It all depends on what you mean by “un-Christian.”
About 99% of the fiction–stories and novels, movies, TV shows, comic strips, video games, etc.–generated since the start of the 20th century presents us with a world in which God does not exist. At least He is never mentioned, except on those many occasions when a fictional character takes His name in vain.
Certainly in The Hobbit (I haven’t seen the movie, but I’ve read the book many times) there is no mention of God or Jesus or any kind of church, and the characters never pray or do anything else of a distinctly religious nature. We know from the author’s own life that he was a Christian, a staunch Catholic who was instrumental in converting his friend, C.S. Lewis, from unbelief to Christianity. So where is the Christianity in The Hobbit?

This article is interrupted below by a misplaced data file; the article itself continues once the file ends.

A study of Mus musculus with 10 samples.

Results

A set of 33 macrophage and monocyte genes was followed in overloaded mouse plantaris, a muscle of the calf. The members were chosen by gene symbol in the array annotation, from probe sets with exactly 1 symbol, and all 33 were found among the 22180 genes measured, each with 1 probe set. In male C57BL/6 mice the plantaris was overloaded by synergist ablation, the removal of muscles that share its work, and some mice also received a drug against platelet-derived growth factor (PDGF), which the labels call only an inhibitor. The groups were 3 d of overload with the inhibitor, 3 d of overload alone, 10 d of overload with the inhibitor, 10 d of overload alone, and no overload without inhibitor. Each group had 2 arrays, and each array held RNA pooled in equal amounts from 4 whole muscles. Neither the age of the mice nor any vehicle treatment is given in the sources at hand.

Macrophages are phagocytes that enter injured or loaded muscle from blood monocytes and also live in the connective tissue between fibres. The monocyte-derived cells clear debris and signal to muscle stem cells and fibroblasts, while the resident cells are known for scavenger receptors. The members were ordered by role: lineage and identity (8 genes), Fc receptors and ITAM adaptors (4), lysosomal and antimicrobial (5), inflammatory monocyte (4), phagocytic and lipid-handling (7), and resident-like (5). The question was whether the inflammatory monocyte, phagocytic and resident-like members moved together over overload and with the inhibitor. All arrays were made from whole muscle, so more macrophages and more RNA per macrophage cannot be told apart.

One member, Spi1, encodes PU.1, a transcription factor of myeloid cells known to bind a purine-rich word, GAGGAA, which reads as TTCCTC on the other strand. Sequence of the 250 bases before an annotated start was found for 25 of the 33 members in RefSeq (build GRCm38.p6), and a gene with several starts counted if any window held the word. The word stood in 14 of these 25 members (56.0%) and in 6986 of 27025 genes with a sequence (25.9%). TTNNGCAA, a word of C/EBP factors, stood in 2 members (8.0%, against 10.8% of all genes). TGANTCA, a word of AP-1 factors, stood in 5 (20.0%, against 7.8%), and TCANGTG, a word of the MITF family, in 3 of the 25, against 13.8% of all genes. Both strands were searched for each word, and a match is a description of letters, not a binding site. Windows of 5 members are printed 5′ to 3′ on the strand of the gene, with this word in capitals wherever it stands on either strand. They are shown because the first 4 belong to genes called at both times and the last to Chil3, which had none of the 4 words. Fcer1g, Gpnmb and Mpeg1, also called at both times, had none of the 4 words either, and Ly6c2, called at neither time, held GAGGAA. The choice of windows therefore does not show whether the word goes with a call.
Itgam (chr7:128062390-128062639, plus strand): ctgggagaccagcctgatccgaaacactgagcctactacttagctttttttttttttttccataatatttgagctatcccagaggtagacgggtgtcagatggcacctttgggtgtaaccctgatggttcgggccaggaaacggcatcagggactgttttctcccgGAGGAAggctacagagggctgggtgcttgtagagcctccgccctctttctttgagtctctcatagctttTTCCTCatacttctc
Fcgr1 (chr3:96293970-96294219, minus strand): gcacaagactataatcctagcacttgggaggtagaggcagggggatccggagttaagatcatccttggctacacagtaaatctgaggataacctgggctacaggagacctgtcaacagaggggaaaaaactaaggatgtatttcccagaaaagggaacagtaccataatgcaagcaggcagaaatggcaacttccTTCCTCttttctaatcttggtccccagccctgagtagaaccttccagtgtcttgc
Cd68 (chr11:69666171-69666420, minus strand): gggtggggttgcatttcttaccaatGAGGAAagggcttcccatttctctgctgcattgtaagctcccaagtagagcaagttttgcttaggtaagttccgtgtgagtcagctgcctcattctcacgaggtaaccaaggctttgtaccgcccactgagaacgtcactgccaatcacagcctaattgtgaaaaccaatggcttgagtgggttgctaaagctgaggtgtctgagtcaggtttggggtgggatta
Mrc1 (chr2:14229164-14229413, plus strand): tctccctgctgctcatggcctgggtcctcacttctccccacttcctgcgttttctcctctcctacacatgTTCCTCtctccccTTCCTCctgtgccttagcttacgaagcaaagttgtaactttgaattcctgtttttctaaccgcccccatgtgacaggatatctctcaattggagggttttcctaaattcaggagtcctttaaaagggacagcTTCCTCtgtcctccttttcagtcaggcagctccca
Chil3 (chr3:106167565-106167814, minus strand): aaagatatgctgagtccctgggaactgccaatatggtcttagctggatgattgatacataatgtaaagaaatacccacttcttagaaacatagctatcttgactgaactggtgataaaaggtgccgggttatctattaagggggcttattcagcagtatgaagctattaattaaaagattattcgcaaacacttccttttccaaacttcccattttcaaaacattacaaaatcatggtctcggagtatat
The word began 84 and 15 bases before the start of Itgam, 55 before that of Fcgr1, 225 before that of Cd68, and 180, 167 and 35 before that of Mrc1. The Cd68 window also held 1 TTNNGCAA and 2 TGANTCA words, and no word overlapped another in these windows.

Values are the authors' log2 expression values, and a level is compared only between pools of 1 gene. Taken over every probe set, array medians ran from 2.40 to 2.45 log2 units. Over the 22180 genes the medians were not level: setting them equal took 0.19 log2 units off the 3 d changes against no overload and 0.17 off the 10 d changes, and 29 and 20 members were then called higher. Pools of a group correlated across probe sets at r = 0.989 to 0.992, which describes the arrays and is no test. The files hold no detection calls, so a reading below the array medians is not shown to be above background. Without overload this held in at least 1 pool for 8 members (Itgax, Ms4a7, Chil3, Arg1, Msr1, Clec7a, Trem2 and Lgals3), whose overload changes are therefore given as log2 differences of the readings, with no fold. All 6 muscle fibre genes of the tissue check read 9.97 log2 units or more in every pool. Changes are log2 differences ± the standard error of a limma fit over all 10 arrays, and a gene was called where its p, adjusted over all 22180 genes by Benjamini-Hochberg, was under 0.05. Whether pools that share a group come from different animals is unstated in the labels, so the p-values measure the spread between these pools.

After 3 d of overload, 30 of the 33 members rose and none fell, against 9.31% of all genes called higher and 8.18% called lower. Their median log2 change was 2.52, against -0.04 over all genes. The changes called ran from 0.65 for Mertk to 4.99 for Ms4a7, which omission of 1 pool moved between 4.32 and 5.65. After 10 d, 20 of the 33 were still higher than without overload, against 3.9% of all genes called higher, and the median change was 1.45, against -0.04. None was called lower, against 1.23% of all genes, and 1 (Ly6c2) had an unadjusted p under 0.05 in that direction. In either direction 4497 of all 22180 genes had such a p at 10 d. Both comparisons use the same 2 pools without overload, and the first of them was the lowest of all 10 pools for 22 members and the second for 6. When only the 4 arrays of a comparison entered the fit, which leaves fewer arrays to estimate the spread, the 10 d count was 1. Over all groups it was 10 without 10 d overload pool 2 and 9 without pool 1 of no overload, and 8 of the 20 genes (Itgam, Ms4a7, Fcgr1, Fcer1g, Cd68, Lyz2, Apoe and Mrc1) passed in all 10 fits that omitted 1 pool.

We know from J.R.R. Tolkien‘s other writings, letters and such, that he intended a spirit of Christianity to permeate his created fantasy world, and to that end, purposely removed all overt references to religious belief and practice. Seems a pretty odd procedure, to me (as readers and I have discussed elsewhere on this blog–see, for instance, Tolkien’s Camoflage). I doubt a reader who wasn’t a Christian, and hadn’t studied Tolkien, would ever guess that a spirit of Christianity is supposed to permeate The Hobbit or The Lord of the Rings.
So we can say the author intended The Hobbit to be “Christian” in a very subtle way. In all fairness to Tolkien, now that I know what to look for, I can see it. Whether it can survive the movie industry’s treatment of the story, I can’t say.